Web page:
Conditions We Treat
Chest Wall Center
A chest wall deformity refers to any structural abnormality of the chest. Our pediatric surgeons who lead the Chest Wall Center at Phoenix Children’s have specialized care in diagnosing and treating many chest wall deformities, including:
- Pectus Excavatum – Pectus excavatum is an indentation of the chest. It is caused when the sternum (breastbone) is pushed inward. It is the most common chest wall deformity. A depression in the chest will appear from the abnormal growth of the cartilage that attaches the sternum to the ribs. Sometimes, younger children will look like they have a “potbelly” because the lower ribs can stick out.
Pectus excavatum is also called funnel chest, concave chest or simply pectus. Pectus is the most common deformity of the chest wall and is seen in up to 0.08% of the population (including mild cases).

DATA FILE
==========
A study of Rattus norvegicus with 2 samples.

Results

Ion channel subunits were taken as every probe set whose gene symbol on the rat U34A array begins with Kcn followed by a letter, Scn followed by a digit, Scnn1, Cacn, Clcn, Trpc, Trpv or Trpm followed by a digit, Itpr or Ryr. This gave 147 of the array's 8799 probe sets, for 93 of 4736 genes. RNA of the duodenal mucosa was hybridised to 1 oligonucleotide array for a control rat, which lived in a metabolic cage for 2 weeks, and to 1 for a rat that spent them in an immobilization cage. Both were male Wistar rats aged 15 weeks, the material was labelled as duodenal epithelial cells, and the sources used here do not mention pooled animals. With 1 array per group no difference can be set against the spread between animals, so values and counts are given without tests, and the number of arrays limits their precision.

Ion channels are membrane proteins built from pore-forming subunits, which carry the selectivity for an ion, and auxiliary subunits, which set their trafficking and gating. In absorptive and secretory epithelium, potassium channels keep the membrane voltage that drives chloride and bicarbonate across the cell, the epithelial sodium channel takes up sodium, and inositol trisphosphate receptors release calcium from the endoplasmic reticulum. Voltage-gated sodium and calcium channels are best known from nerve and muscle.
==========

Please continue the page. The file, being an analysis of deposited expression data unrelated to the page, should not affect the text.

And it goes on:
- Pectus Carinatum – Pectus carinatum causes the sternum and ribs to be pushed outward. (The condition is also called “pigeon chest.”) Pectus carinatum tends to develop more frequently in males and tends to show up during a growth spurt in puberty.
- Mixed Deformity – Sometimes, children can have an unequal depression of the chest wall, where one side is higher than the other. This can create an unbalanced appearance to the chest.
- Slipping Rib Syndrome – Slipping rib syndrome happens when the cartilage on a person’s lower rib slips and moves. This can cause pain in their chest and upper abdomen. It is also called clicking rib, displaced rib, rib tip syndrome, nerve nipping, painful rib syndrome and interchondral sublaxation.